Students leaders in Stanford’s First-Generation and/or Low-Income (FLI) Office have launched a campus-wide petition urging administrators to appoint Jennifer Rolen as the office’s permanent director.
Rolen currently serves as the associate director and assistant dean of the FLI Office. A committee has been assembled to hire a permanent director, but FLI student leaders say Rolen was not offered a second-round interview and was removed from the committee’s list of candidates for director.
“Losing Jenn’s leadership and vision is a huge mistake, and we want the university to know how disappointed and angry students and alumni are about this decision,” wrote Daniella Caluza ’21, Kiara Bacasen ’21, Christopher Middleton ’16 J.D. ’21 and Jeffrey Rodriguez ’20 in an email circulated by FLI student leadership after it came to light that Rolen’s name had been removed from the list of candidates.
Middleton resigned from the Graduate Student Council (GSC) on Wednesday, citing his frustrations with the Stanford administration’s management of the FLI office.
Rolen “has essentially been acting director since the conception of the FLI Office but without the title or the pay,” the email reads, calling her “the backbone for all the events and programming that the FLI Office has put on.”
Students were urged to write messages to Stanford administrators advocating for Rolen’s appointment, in addition to signing a petition — which currently has more than 800 signatures — demanding that student voices be given more weight in the selection process.
Rolen declined The Daily’s request for comment, citing her desire to maintain the integrity of the hiring process.
“The first round included a very strong pool of candidates,” wrote Student Affairs spokesperson Pat Harris in an email to The Daily. “Decisions were made after due consideration and careful deliberation. The search committee is composed of thoughtful people who care deeply about FLI students at Stanford.”
The Diversity and FirstGen (DGen) Office was created in 2012, but it split into separate branches for FLI and diversity education two years ago. Since then, Rolen has been the primary leader advancing the FLI Office’s mission, according to Middleton, who is also co-president of Stanford FLI Alumni Network.
“When the position was opened in November for director, we kind of assumed that Jennifer Rolen would have that position of being the director because effectively she’s led our office — and, we believe, quite successfully,” Middleton said.
Students cited Rolen’s leadership on cornerstone FLI initiatives, most notably FLI Office’s library (FLIbrary) and FLI Student Orientation (FLI-SO).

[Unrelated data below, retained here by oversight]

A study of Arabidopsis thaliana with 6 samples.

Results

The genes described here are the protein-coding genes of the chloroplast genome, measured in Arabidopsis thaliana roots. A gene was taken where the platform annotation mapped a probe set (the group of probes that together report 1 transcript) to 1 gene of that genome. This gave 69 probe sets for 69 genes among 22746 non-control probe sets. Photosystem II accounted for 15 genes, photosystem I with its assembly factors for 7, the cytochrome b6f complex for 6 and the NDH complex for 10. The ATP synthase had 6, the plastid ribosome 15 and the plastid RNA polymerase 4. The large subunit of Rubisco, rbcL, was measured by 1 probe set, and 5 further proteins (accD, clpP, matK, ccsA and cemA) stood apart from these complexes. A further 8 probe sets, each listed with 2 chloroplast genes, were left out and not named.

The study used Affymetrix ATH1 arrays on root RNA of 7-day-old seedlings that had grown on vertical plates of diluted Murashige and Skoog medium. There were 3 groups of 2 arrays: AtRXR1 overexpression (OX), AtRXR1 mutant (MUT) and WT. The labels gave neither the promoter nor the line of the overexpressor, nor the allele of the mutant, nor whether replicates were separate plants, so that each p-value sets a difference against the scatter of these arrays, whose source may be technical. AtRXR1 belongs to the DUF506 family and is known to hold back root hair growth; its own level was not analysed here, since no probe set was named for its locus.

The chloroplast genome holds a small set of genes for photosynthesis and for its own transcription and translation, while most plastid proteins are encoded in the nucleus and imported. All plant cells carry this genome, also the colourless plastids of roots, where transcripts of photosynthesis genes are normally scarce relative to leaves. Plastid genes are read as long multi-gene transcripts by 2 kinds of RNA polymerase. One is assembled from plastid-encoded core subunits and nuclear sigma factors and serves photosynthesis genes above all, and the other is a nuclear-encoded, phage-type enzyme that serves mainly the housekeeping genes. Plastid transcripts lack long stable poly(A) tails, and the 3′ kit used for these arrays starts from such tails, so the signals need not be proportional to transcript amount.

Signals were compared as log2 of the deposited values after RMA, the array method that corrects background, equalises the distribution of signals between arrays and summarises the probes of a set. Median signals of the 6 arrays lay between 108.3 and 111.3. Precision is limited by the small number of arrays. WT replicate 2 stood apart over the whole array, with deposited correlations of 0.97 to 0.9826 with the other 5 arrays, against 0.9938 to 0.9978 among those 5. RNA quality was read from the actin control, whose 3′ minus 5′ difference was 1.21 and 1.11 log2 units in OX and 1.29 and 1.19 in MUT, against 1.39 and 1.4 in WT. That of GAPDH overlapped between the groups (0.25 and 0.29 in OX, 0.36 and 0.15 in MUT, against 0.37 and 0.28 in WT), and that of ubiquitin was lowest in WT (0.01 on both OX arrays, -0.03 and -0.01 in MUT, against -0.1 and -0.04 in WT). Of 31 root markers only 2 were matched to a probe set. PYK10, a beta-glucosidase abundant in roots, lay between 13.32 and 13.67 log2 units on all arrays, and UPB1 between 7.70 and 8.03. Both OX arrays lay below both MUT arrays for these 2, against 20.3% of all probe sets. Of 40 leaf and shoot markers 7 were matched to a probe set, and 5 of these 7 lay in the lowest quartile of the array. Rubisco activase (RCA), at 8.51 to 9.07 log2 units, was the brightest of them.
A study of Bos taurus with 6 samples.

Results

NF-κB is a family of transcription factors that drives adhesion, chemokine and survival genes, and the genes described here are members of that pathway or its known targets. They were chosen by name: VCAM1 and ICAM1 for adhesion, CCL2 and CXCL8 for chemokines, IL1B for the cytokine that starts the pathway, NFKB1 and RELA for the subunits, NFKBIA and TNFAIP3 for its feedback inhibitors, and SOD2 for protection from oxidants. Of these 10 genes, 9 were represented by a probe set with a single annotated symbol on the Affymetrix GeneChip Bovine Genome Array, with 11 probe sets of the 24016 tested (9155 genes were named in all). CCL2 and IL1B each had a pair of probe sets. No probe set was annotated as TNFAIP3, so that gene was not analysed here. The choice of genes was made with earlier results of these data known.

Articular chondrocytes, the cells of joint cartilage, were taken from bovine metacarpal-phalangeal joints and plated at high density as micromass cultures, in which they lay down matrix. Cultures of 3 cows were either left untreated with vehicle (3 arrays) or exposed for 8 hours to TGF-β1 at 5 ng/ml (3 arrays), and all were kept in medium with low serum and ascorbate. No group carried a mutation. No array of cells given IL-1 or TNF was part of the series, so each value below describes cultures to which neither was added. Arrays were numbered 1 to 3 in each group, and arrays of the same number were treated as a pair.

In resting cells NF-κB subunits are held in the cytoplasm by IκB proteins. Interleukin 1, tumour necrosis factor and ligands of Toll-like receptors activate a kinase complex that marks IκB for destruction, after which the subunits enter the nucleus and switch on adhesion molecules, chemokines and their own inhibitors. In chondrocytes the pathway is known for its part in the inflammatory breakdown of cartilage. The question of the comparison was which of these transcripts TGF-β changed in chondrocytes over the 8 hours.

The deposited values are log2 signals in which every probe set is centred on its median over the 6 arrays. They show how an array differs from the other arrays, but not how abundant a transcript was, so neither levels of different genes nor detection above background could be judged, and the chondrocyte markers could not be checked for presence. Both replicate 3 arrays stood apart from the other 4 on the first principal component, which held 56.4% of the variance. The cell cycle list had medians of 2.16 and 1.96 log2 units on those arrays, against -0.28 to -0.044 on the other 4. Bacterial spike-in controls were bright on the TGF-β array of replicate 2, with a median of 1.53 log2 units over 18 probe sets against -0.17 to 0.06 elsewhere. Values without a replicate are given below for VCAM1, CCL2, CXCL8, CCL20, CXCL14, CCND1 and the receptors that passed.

“None of this came from the University waking up one day and saying, ‘Oh, FLI students should have this,’” said Kiara Bacasen ’21, co-president of the FLI Partnership (FLIP) student organization. “It was all either FLI-student-led, or Jenn went out and found the money, or a combination of both.”
Since Rolen would no longer be serving as acting director in her current role, she would no longer be responsible for driving and creating the mission and vision of the FLI program, according to Middleton, who called Rolen “the heart of our community.”
“She’s truly just accomplished a lot in terms of bringing about programming that’s made a difference in FLI students’ lives,” he said.
Letters supporting Rolen have been sent to administrators and have so far received short responses, most of which emphasized the administration’s trust in the hiring committee’s judgment, according to Middleton.
“If you can’t even respond with a unique email, how are you going to, with this new director, ensure that the unique needs of FLI students are being met?” he asked.
Students are requesting a town hall meeting with University officials to provide insight into the committee’s decision-making and make such hiring decisions more accessible to the student body.
“The next round of interviews will include opportunities for more students, faculty and staff to meet the candidates and provide feedback,” Harris said of the selection process. “In addition, Associate Vice Provost for Inclusion, Community and Integrative Learning Emelyn de la Peña will be inviting concerned students to meet with her and others involved in the search process.”
Undergraduate Senate Chair Munira Alimire ’22 has introduced a resolution in support of Rolen’s candidacy.
“We’re hoping that if we’re able to pass this resolution, we’ll be able to show the committee that Jenn is the person the students want — and if not, we can encourage the committee to explain the rationale they have behind the decision they make,” Alimire wrote in an email to The Daily.
“I’m hoping they understand this resolution comes from the same values Stanford has talked about in their ‘Most Important Work,’” Alimire added, referring to Vice Provost of Student Affairs Susie Brubaker-Cole’s mission statement, which entails values like equity and inclusion.
“Especially in spaces like community centers and the FLI Office, we need people who are here for the students,” Alimire wrote, “and I’m hoping the [administrators] involved in this decision see that.”
A previous version of this article claimed that Rolen was involved in establishing the Leland Scholars Program, which in actuality is under the purview of the Vice Provost for Undergraduate Education. The Daily regrets this error.